SpaceX says that it believes it has discovered the reason behind the explosion of its Crew Dragon spaceship back on April 20. The craft exploded on the test stand during an uncrewed ground test of its escape thrusters. The spaceship was destroyed in the explosion. No one was hurt during the incident.
Crew Dragon is a seven-person space capsule designed to ferry NASA astronauts to and from the International Space Station. NASA’s Commercial Crew Program is paying SpaceX to develop, build, and test the spacecraft. In March, the Crew Dragon capsule in question launched into orbit, docked with the space station, and then returned to Earth in an uncrewed demonstration test. That test was viewed as a success.
During the April incident, SpaceX was testing two sets of thrusters on the spaceship: low-pressure thrusters called Dracos and high-pressure thrusters called Super Dracos. The Dracos are used for maneuvering while the Super Dracos are used to power the spaceship’s escape system. The test of the smaller Draco engines succeeded, but the test of the Super Draco system failed as soon as they began pressurizing the thrusters.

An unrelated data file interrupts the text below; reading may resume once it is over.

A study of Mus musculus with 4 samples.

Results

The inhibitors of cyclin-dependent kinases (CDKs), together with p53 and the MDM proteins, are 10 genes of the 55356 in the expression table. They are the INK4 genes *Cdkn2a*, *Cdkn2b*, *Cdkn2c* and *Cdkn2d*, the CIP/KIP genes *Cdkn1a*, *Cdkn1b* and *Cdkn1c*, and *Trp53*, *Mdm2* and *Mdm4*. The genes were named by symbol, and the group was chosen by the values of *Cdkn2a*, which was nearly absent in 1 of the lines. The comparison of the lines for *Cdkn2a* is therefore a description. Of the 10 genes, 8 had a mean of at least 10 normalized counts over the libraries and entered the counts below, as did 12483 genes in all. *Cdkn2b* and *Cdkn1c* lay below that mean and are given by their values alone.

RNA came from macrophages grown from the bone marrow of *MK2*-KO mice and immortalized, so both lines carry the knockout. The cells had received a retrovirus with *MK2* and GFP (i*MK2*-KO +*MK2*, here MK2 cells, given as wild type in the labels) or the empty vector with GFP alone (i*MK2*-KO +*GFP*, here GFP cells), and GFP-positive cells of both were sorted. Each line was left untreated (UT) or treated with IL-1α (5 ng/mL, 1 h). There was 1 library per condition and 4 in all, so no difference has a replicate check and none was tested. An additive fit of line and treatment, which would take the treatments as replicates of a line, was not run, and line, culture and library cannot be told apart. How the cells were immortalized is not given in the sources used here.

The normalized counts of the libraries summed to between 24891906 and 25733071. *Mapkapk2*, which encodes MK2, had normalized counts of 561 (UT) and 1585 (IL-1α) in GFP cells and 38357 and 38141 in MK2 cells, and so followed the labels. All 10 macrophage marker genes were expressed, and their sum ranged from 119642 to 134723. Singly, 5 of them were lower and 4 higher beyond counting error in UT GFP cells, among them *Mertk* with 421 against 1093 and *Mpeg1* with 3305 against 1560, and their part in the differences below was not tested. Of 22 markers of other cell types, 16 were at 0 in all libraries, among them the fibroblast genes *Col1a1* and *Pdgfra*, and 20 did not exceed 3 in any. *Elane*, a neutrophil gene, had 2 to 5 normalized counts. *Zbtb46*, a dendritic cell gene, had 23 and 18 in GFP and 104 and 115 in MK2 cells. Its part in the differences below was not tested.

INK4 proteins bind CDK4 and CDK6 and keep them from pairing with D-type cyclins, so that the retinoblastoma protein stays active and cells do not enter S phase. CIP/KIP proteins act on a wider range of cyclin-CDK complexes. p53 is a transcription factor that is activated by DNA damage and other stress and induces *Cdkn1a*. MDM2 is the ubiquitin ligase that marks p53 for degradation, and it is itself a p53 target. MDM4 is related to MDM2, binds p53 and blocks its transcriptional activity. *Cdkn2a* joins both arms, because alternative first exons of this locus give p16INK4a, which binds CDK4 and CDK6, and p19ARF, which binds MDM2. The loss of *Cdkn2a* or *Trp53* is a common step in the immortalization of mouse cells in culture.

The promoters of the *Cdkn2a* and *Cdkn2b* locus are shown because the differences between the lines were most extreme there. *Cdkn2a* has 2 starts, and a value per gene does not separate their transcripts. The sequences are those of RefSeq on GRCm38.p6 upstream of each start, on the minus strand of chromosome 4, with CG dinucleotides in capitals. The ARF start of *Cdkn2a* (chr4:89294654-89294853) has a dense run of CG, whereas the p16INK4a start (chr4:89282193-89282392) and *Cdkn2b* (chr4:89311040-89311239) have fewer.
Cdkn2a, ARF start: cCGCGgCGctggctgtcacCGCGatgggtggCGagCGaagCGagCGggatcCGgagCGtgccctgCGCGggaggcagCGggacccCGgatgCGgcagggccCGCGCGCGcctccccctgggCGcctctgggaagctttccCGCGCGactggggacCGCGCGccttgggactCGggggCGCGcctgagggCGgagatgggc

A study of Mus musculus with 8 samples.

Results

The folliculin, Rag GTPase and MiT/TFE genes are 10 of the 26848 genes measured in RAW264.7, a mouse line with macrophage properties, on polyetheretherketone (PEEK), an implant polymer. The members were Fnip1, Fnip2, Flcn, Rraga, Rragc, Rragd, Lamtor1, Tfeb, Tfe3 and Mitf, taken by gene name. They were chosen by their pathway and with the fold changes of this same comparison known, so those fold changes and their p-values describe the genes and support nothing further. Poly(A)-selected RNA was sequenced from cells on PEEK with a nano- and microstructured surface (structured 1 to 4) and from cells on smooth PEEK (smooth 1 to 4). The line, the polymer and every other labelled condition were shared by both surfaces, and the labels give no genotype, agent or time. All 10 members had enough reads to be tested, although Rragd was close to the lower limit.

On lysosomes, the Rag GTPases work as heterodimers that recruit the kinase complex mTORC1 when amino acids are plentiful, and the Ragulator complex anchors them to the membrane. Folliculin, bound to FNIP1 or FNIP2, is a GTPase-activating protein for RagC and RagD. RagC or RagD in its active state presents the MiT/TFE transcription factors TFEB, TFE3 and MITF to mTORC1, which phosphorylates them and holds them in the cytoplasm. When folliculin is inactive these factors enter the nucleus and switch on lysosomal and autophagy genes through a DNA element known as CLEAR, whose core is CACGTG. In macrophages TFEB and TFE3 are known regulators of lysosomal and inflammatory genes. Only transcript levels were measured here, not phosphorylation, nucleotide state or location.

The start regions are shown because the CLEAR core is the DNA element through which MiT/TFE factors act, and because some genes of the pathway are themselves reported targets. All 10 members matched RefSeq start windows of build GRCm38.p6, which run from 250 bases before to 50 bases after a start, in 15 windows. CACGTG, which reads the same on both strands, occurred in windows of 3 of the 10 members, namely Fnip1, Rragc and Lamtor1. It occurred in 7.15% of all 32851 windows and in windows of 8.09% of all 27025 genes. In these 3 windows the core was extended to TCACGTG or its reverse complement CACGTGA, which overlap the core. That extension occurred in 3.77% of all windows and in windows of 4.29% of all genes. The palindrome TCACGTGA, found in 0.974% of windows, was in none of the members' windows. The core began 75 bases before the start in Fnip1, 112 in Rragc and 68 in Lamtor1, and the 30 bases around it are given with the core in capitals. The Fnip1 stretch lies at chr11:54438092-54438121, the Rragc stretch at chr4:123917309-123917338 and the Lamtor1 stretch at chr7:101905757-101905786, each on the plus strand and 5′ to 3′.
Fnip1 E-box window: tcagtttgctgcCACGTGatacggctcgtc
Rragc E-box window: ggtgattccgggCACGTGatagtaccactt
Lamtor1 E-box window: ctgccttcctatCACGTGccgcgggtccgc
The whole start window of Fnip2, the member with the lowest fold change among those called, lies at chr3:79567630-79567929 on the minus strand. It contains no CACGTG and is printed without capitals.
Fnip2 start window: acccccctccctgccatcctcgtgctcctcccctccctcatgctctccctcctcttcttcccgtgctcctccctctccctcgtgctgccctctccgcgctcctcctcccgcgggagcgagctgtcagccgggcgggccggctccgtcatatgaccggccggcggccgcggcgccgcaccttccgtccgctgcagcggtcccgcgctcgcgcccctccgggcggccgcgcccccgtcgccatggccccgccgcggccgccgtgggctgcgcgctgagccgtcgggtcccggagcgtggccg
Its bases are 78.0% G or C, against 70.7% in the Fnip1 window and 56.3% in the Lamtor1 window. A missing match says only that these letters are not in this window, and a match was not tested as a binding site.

Hans Koenigsmann, SpaceX’s vice president of mission assurance, said that with the investigation into the explosion “80 percent done,” investigators believe they have discovered what went wrong. According to the investigators, a leaky valve on the system “caused a violent reaction” once the escape system was activated. Investigators found burn marks inside the pressurization system’s check valves and the blast coincided with activation of the system.
SpaceX, NASA, the US Air Force, and other members of an investigation team spent weeks picking up Crew Dragon pieces across the launch site in Cape Canaveral, Florida. There is a planned fix for the issues uncovered during the investigation, but it remains unclear whether SpaceX will be able to launch Crew Dragon with astronauts before the end of the year.